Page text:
Jordan Spieth’s a three-time major champion and the current 12th-ranked player in the world, so he knows a thing or two about how to expertly strike the golf ball. While it’s typically difficult to pick the brain of a pro golfer, especially one of Spieth’s stature, the beauty of the Internet is that it gives us unlimited amounts of access. And, in this case, Titleist decided to film Spieth giving some A+ golf instruction to help amateurs improve their games.
In the video, the 29-year-old grabs a few different shot types from a hat, which he then needs to go execute. He first hits a fairway finder with a 3-iron, then demonstrates a high draw from 160 yards out, and ends with one of his favorite shots (a 9-iron from about 150 yards from the green). For this specific lesson, we’re going to focus on Spieth’s advice for hitting that high draw into the green, which can be seen below.
Jordan Spieth’s tips for hitting a high draw
Use a three-quarter swing
With the shot sitting about 160 yards from the hole, Spieth says that hitting a high draw requires a dip in swing motion. This means avoiding a full swing and only using about a three-quarter motion — which will impact your swing speed. “I’ve got to take a little bit off, so I’m going to do that by using a three-quarter motion,” he says. “Then I’m going to try to be just as aggressive into the ball as I would be on a full one [swing]. “Swing speed will drop down because my range of motion is shorter.”
Deloft the club
Now that you’ve zeroed in on the swing motion, Spieth says that delofting the club will help get the ball high into the air. This allows him to maintain his aggressiveness on the shot.
“What I’ll be doing to hit it high then is, I’m actually letting a little bit of this deloft out. But I’m doing it late,” Spieth says. “I’m not trying to throw it out of here, which is a big left thing. I’m bringing it in still lean, and then I’m just letting that loft to catch up ever so slightly.”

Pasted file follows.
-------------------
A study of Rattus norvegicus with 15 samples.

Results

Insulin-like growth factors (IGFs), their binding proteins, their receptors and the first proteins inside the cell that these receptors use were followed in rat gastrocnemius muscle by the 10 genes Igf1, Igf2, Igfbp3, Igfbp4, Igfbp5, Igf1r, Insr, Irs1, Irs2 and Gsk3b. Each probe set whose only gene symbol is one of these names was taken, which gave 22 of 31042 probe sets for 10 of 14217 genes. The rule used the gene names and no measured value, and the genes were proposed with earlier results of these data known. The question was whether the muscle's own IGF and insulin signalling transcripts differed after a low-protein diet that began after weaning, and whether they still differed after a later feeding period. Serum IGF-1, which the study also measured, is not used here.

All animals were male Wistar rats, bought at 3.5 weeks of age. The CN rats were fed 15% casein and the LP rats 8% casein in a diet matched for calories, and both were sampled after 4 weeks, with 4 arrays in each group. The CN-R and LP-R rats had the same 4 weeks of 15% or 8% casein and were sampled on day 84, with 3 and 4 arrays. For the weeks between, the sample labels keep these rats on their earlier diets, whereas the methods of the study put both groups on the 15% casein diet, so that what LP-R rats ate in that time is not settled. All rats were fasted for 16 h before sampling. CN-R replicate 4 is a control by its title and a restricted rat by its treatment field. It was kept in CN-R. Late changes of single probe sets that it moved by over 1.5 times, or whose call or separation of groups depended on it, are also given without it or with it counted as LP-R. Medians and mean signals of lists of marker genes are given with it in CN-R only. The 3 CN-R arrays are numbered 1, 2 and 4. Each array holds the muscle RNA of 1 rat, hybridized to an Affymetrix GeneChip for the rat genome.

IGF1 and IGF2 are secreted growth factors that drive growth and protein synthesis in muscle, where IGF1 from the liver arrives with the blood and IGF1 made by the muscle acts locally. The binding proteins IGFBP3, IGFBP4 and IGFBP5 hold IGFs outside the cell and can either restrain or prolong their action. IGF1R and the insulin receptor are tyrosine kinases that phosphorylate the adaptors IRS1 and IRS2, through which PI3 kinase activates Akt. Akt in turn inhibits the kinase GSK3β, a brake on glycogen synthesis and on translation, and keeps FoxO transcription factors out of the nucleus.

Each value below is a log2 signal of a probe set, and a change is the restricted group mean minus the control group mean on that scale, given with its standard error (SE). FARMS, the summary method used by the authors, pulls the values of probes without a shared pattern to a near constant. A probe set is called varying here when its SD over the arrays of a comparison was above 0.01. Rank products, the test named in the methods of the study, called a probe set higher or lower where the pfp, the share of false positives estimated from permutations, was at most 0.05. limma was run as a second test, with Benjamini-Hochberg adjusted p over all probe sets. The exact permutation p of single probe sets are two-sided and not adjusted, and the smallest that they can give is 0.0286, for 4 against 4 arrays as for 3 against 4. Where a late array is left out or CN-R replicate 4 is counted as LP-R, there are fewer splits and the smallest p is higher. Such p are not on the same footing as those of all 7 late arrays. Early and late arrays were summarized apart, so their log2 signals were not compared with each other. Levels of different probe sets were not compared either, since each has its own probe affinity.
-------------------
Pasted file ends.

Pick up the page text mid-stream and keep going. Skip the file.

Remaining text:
While Spieth is delofting the club, his face still remains square at impact. “That face stability will still be there, because it’s already done ahead of time,” he adds.
Miss to the fat parts of the greens
Using a shorter range of motion to take a little off the shot, and then turning the clubface down as he makes impact, Spieth’s shot actually carries the green just slightly, as it rolls to the back edge — where he’d still be putting.
While he didn’t stick the shot perfectly, that’s still the right place to miss it.
“You know, it hung about five yards right; which is, honestly, what I was explaining,” he says. “If anything, it has draw spin, it’s working towards the hole, and it never crosses over the hole.
“If you start training that way, it’s so much easier to play the game, because you’re missing on the fat parts of the greens.” So if you’re looking to hit high draws onto the putting surface — which allows for a more pure ball strike — use the tips form Spieth and start impressing your playing partners.